Old meets new as smart cities grow

26 Oct 18

Vietnam has shrugged off the ravages of war followed by decades of crippling sanctions to embrace an unashamedly digital future, John Thornton explains. 

 

Arriving in Hanoi amid a cacophony of motor horns from a swarm of small motorbikes, there was an old man in traditional clothes fishing by a lake.

Across the lake were new high-rise buildings, behind him a memorial to former US senator John McCain, and beyond that an ancient pagoda. It was only later I realised how this image symbolised the way Vietnam is developing.

The Vietnamese prime minister has just established a committee on e-government that he will chair and drive forward to create a legal and economic environment that will “pave the way for digital government, a digital economy and digital society”.

Hanoi, Ho Chi Minh City and Da Nang have committed to becoming smart cities. Hanoi has already implemented parking systems that allow users to find parking spaces and pay via mobile devices.

It is also developing a digital traffic map to manage public transportation, and 2,700 of its schools and universities have introduced electronic school reports and online enrolment. Hanoi's health system was also the first to introduce e-documents, with 900,000 records created so far.

To many westerners, these may sound like familiar aspirations and achievements, but here they represent a much bigger challenge. For much of Vietnam’s history, it has been invaded and controlled by foreign powers including the Chinese, French and Japanese, culminating in the devastating civil war of 1955-1975, when America supported the south against the Chinese- and Soviet-backed north.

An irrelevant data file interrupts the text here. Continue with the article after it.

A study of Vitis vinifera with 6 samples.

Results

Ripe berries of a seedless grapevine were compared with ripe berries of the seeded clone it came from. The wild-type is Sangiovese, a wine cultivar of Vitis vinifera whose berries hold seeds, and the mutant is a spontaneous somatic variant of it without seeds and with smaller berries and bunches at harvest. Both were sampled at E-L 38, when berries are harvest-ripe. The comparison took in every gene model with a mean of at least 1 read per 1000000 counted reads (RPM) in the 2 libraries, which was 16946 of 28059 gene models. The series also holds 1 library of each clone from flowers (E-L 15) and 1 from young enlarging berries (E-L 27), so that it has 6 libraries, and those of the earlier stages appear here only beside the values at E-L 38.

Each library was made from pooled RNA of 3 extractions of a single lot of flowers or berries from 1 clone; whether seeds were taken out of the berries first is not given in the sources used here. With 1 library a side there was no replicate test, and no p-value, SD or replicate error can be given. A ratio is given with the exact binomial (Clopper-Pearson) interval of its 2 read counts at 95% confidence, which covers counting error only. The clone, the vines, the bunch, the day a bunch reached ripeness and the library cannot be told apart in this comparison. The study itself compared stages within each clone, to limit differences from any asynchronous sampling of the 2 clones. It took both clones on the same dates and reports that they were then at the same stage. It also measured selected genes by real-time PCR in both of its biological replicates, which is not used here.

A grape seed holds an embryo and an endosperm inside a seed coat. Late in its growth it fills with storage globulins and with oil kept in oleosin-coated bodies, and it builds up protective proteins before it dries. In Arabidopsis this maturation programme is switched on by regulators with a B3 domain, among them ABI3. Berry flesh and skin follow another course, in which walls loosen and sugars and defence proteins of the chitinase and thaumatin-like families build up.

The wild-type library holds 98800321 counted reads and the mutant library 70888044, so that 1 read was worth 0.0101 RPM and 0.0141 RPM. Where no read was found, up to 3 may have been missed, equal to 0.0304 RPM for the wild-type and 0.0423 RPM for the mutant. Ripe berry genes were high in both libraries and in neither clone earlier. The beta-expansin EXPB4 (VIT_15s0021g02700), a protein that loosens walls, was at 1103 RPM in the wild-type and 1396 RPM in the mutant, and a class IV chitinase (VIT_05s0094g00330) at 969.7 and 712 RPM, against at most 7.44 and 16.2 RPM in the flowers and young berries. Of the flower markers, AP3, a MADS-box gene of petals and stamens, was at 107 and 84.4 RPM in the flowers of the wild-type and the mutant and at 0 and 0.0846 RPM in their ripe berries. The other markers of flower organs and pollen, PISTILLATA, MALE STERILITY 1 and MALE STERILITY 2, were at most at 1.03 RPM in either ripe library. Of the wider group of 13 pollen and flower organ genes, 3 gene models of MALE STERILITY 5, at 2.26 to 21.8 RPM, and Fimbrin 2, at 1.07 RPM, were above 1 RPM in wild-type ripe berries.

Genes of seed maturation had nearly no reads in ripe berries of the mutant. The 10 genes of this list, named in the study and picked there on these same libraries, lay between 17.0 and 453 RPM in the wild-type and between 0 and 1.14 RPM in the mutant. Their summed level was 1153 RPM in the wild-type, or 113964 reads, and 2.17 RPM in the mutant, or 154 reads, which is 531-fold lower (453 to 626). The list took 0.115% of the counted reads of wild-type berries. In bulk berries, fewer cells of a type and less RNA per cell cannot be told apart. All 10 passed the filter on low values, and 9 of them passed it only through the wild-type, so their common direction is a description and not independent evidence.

This was followed by crippling economic sanctions, which only ended in 1994, thanks primarily to John McCain’s campaign in the US – hence in part the memorial by the lake, where the former navy pilot was fished out after being shot down during the war. When the sanctions ended, the Vietnamese economy was on its knees.


‘There is a massive investment in education, and, although mobile phones and the internet were not available until 2001, there are now over 128 million mobile phone subscribers and more than 50% of people use the internet.’


Vietnam now sees it future in being open to other countries. Tourism has grown rapidly, with a national target to attract 15 million visitors a year. Its politics are communist, but the economy is capitalist. Under the communist system, for example, Vietnam was a net importer of rice, but when the land was handed over to local farmers it quickly became a net exporter.

There is a massive investment in education, and, although mobile phones and the internet were not available until 2001, there are now over 128 million mobile phone subscribers and more than 50% of people use the internet. Together these factors are shaping a new, digitally literate population that wants and expects more of its government.

While Vietnam has looked to South Korea, Japan and China for models of how it can develop, these countries have also seen opportunities to invest in this fast-growing economy, with its resilient, resourceful people. The new motorway and bridge from the airport to Hanoi was funded by Japan. Samsung, the South Korean electronics giant, now employs over 100,000 people in Vietnam.

The Vietnamese have concluded that while technology does not hold all it needs to develop, it is a significant part of almost every solution. 

  • John Thornton

    John Thornton is the director of e-ssential Resources and an independent adviser on business transformation, financial management and innovation.